Introduction: Ribbon Charm Choker

Most chokers, in my opinion, are far too small and very limited and have annoying amounts of skin-irritating metals.  If I'm going to wear jewelry or accessories, I want them to be big and rash-free.  It's a super special bonus to have pieces that are adaptable.  I recently rewatched Marie Antoinette and noticed that Kirsten Dunst wore some pretty fabulous chokers which gave me the inspiration for this project.

This choker can be as big or as small as you want it.  There are no metals to come in contact with your skin.  You can switch out the "charms" as much as you want, and there are endless possibilities for what you can use as a charm.  This project is inexpensive and quick, and you can use leftover bits of ribbon from previous projects (or presents).  There's also a margin for error, so you don't have to sweat the little stuff.  Most mistakes won't be very noticeable.

Step 1: Materials

For making this particular choker, you'll need:
  • Sewing Machine
  • 3 Coordinating Ribbons in Decreasing Width*
  • Coordinating Thread
  • Large Needle
  • Seam Ripper
  • Scissors
  • Measuring Tape
  • Fake Flower
  • Bead
  • Glue Stick
  • Fake Dove
  • Lighter
  • Pencil (optional)
*It's best if the middle width ribbon (middle ribbon) has a repeating pattern of some sort.

Step 2: Measurements

Measure your neck in centimeters for a comfortable choker circumference.  In this example, 31-33 cm was comfortable.

Subtract 3 cm for the cut length to allow for comfort and adjustment.  In this example, 28 cm was the end measurement.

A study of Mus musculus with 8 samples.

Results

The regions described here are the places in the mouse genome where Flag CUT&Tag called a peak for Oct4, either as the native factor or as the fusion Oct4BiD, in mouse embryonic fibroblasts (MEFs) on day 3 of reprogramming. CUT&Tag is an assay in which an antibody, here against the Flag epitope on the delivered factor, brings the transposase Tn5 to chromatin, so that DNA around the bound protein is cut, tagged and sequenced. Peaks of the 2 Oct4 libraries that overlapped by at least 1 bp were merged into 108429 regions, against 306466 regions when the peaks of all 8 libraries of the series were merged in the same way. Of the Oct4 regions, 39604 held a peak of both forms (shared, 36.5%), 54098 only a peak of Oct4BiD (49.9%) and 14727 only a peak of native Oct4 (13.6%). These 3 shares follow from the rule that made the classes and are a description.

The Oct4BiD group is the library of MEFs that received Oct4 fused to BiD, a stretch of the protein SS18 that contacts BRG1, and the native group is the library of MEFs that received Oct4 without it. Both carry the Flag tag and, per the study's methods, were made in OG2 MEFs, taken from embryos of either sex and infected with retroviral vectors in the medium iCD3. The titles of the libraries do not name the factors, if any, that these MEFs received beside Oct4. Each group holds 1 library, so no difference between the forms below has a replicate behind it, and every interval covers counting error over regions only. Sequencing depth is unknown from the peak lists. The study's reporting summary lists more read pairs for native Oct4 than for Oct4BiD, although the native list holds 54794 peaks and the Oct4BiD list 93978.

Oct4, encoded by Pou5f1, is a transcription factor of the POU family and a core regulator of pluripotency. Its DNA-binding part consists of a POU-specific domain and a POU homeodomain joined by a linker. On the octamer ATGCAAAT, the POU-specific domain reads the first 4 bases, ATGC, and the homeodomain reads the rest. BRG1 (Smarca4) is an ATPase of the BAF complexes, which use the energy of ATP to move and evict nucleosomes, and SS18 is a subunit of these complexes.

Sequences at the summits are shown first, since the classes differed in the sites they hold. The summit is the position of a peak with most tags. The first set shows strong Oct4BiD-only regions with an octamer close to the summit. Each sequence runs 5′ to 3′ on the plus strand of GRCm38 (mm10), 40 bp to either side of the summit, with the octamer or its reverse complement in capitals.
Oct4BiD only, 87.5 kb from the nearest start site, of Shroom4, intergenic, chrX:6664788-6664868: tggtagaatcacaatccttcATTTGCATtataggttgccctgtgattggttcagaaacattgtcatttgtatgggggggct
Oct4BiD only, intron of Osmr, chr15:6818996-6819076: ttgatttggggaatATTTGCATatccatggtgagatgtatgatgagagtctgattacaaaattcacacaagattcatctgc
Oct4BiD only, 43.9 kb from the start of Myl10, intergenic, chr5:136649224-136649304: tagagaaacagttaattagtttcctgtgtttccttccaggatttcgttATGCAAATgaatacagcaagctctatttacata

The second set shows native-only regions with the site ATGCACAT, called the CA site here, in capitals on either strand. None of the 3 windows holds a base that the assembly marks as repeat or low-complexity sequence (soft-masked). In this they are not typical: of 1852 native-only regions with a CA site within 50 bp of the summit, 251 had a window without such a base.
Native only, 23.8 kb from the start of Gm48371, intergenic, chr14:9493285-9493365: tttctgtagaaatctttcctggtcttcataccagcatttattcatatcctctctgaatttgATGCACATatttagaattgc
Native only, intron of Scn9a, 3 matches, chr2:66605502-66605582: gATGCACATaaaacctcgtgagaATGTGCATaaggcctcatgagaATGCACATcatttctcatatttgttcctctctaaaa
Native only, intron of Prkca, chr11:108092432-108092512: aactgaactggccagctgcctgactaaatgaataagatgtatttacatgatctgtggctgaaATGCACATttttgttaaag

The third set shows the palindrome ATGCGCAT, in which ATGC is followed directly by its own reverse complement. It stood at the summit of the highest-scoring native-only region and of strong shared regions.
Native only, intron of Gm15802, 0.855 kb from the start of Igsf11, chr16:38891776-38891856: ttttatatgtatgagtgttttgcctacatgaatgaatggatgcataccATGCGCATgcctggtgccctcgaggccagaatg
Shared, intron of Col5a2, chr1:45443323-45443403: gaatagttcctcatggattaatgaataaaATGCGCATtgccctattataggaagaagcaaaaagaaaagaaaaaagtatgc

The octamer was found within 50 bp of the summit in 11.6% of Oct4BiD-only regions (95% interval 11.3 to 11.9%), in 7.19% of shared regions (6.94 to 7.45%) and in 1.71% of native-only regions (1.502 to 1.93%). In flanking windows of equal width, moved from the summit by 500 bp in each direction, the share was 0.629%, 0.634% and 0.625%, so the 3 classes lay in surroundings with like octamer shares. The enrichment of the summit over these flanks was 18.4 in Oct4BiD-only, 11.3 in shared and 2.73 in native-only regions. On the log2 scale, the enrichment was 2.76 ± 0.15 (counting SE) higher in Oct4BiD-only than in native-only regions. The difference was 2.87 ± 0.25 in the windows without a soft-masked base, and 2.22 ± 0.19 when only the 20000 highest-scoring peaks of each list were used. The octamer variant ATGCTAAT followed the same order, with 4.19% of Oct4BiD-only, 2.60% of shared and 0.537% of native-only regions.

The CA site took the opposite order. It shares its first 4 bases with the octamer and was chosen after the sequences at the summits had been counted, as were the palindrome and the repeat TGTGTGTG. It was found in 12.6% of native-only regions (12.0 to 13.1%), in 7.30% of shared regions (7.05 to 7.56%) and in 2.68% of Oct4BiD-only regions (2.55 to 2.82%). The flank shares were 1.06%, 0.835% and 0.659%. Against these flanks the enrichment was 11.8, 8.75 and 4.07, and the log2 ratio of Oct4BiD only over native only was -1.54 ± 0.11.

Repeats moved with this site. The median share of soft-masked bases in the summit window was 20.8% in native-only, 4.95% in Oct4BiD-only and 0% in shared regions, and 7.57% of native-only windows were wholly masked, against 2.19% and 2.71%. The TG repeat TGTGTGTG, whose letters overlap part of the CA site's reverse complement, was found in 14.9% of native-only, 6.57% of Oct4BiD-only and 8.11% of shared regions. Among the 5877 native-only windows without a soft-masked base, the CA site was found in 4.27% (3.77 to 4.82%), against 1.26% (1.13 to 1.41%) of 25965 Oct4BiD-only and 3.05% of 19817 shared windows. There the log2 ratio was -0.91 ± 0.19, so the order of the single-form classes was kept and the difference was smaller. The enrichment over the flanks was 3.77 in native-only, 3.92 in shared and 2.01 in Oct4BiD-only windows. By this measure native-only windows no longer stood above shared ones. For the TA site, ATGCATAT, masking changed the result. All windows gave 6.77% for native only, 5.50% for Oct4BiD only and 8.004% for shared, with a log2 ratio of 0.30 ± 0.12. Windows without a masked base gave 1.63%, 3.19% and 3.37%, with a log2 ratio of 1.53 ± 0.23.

Cut the two primary ribbons to length.  This does not include the feeder ribbon.

Slightly burn the ends of the ribbon with a lighter to prevent fraying.

Step 3: Buttonholes

Determine where to space the buttonholes on the middle width ribbon.  A white and pink flower patterned ribbon is used as the middle width ribbon in this example. 

The number of buttonholes must be a multiple of 4 (e.g., 16, 20, or 24).  This is to allow for the feeder ribbon to have an exit point at the ends of the choker. 

You can use the pattern on the ribbon, or you can measure it out and mark with a pencil.  In this example, the pattern was used so that a buttonhole was sewn in the middle of each flower and between each flower to create 20 buttonholes total.

The pattern also helps determine the height of each buttonhole so that the larger centers of the flower marked the ends of the buttonhole.

If you are not using a repeating patterned ribbon, you will have to measure and mark with a pencil.

Run a test on a scrap piece of ribbon and adjust for tension, stitch width, etc.  If you are uncertain how to sew a buttonhole on your machine, consult your manual and follow the steps precisely.

Sew the buttonholes on the middle ribbon only.

Open buttonholes carefully with a seam ripper or scissors.

Trim threads.

Step 4: Top-stich and Hem

A glue stick (one used for paper typically) will help the two ribbons adhere slightly and make stitching easier.  Apply glue to the middle ribbon and place it on the bottom ribbon.  You may have to finger press the middle ribbon a bit, and eyeballing the placement is completely acceptable.

Note:  Do not use fabric glue.

Top-stitch the middle ribbon to the bottom ribbon on both edges.

Turn over the ends once and stitch.

Step 5: Feeder Ribbon and Decoration

Start weaving the feeder ribbon into the choker until you come to the place for the decoration.

For this example:
  • Send the feeder ribbon through the holes in the middle of the deconstructed fake flower.
  • Send the feeder ribbon through a bead and back through the holes in the fake flower.
  • Pull taut and continue weaving the feeder ribbon through the remainder of the choker.  This may require a few readjustments.
  • Wrap the wire on the fake dove around a stem of the flower.

Determine how long you would like the feeder ribbon to be to allow for tying a bow.  Snip to appropriate length and burn edges slightly with a lighter.